Reviews and Problems with She's Out Of My League
Sound & Vision Magazine
10 October 2010
Excerpt: Kirk, an average Joe, can't believe his luck. Though he's stuck in a seemingly dead-end job as an airport security agent, against all odds, Molly, a successful and outrageously gorgeous babe, falls for him. Kirk is stunned. So are his friends, his family and even his ex-girlfriend. Now he has to figure out how to make the relationship work, even though he's be the first to admit she's totally out of his league.
Excerpt: It is a shame She’s Out of My League falls down the “romantic comedy script tree” and hits every branch. Yes, the guy and the girl break-up after sharing the montage of perfectly normal dates. Yes, the guy and girl suddenly realize they’re meant for each other after all. Yes, they need to make some absurdly ridiculous run, in this case across an airport, to find each other.
Conclusion: I really liked 'She's Out of My League.' I must admit that when I saw the previews I was skeptical. Just another filmmaker looking like he wants to make a quick buck by capitalizing on the sweet but raunchy Apatowian story. While it does use those movies as a starting point, 'She's Out of My League' goes its own way, using its characters for more than just dirty jokes. It's a funny movie, yes, but it can also be tender and touching when it needs to be.
Excerpt: The Film Well gee, a movie where the dorky guy gets the girl? Who would've thought? Um, everyone. However, there's something very likeable about She's Out of My League . That something is Jay Baruchel. Playing almost every role he's done since Judd Apatow's 2001 TV comedy, Undeclared , Baruchel has the likeable nerd down to a science. Even with roles in Knocked Up and Tropic Thunder under his belt, he's the slightly less successful Michael Cera.
Excerpt: She's Out of My League is a mood piece. Lacking substance, originality, or a coherent treatment of its putative subject matter -- self-image and the defeatist hierarchies we compose from social and superficial assumptions -- it's the kind of goob-fest that relies almost completely on the amenability of its viewers.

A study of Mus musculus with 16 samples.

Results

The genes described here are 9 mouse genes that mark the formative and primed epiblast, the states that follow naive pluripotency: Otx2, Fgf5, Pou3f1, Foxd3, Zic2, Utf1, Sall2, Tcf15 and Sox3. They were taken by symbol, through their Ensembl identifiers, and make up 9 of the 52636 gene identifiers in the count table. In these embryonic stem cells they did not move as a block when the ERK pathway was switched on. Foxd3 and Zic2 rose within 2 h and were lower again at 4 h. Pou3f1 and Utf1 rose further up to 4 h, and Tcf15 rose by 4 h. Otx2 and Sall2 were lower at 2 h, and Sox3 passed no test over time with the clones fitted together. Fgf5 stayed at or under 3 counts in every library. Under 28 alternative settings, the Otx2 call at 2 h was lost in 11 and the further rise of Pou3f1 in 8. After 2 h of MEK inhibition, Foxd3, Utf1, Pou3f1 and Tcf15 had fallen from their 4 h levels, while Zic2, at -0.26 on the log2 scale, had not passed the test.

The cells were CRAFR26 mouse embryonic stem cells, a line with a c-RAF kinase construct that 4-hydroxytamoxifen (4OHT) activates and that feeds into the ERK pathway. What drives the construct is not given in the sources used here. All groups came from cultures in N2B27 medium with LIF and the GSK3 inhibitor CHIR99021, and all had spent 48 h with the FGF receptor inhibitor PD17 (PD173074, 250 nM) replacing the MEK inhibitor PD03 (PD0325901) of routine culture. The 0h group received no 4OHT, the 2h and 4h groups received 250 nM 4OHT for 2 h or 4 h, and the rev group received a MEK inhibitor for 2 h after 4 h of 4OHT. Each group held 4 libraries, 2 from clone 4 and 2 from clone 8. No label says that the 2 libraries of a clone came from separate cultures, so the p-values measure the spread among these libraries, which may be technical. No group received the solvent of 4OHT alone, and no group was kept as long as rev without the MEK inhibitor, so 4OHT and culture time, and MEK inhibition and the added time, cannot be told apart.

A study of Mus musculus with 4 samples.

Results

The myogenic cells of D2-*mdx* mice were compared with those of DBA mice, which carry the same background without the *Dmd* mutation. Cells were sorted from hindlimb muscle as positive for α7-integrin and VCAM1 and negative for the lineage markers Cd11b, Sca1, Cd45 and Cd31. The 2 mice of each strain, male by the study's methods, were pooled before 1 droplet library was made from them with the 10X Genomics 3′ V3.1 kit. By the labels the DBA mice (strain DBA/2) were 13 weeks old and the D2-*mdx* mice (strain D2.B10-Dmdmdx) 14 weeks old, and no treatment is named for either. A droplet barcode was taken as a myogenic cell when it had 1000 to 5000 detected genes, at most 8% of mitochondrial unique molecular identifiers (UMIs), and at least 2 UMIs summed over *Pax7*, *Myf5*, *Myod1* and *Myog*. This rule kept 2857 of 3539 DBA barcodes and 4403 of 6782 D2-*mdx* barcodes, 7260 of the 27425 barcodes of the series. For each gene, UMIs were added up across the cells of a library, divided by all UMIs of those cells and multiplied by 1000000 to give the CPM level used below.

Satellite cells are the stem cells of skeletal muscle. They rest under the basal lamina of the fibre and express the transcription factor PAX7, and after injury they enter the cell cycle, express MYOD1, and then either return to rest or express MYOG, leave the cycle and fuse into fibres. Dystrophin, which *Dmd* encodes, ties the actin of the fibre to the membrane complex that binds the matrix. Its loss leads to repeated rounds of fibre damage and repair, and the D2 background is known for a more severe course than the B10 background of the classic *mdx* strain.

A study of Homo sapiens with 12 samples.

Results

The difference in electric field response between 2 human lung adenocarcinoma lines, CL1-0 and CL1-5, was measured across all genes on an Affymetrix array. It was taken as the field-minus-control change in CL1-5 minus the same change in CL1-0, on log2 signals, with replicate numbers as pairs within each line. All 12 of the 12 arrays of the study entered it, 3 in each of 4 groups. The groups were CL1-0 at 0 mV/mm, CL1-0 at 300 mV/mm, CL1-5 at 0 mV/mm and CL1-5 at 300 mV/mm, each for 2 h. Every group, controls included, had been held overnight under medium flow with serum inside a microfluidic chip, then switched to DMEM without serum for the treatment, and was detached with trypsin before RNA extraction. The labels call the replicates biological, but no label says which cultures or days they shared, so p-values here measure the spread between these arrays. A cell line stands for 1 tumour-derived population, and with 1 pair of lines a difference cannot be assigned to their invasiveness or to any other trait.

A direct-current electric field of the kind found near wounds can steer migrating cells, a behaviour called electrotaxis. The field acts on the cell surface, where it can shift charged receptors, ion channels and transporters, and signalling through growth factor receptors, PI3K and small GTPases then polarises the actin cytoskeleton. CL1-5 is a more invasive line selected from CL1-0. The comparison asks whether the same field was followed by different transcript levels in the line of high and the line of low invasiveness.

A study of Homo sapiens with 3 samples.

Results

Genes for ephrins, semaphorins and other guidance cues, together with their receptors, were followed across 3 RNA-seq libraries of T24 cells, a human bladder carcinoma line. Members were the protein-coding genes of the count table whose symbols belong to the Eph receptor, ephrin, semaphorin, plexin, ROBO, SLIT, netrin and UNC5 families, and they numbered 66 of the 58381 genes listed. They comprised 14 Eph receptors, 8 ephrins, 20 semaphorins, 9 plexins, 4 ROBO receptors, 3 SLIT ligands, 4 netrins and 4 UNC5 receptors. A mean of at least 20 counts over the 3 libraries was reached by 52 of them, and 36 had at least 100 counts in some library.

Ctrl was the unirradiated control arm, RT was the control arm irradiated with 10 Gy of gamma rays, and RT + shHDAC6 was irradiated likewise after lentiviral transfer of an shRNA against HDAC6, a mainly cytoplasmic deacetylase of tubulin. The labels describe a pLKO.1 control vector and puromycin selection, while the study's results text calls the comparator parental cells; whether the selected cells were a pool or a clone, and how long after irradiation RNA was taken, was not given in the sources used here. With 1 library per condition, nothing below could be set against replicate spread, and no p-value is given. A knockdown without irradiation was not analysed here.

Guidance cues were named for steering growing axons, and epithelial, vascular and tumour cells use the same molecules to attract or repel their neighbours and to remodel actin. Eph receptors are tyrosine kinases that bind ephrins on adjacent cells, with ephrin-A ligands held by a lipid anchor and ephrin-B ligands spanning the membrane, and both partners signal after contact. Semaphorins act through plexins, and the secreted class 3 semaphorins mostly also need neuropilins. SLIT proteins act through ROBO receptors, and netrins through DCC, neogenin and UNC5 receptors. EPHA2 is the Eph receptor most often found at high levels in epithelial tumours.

Excerpt: She’s Out of My League takes Tropic Thunder breakout Jay Baruchel and attempts to turn him into a leading man. He’s an unlikely candidate. Baruchel cuts a gangly, awkward figure in front of the camera. Though he first gained attention as the lead in Judd Apatow’s short-lived 2000 college dorm comedy series Undeclared , since then he’s made his way in Hollywood mostly as a character actor, a character actor oft seen playing hopeless nerds.
Excerpt: It’s been nine years since Jay Baruchel played an adorably gawky college freshman on Judd Apatow’s late, lamented TV show Undeclared , but his appealing quality of eternal adolescence hasn’t eroded with age. His ability to project sheepish innocence serves him well in She’s Out Of My League , which essentially casts him as a younger variation on Steve Carell’s overgrown naïf in The 40-Year-Old Virgin . The comparison does the rest of this third-rate comedy no favors.
Conclusion: She's Out of My League shows viewers the other side of the Romantic Comedy ledger, focusing on the guys rather than the girls, and the result is a movie that both sexes should enjoy. It's high energy, well-paced, reservedly yet smartly directed, and most importantly, it's built around characters that are likable, making it easy to root for the relationship to work. Funny, well-acted, relatable, and downright fun to watch, She's Out of My League is a keeper.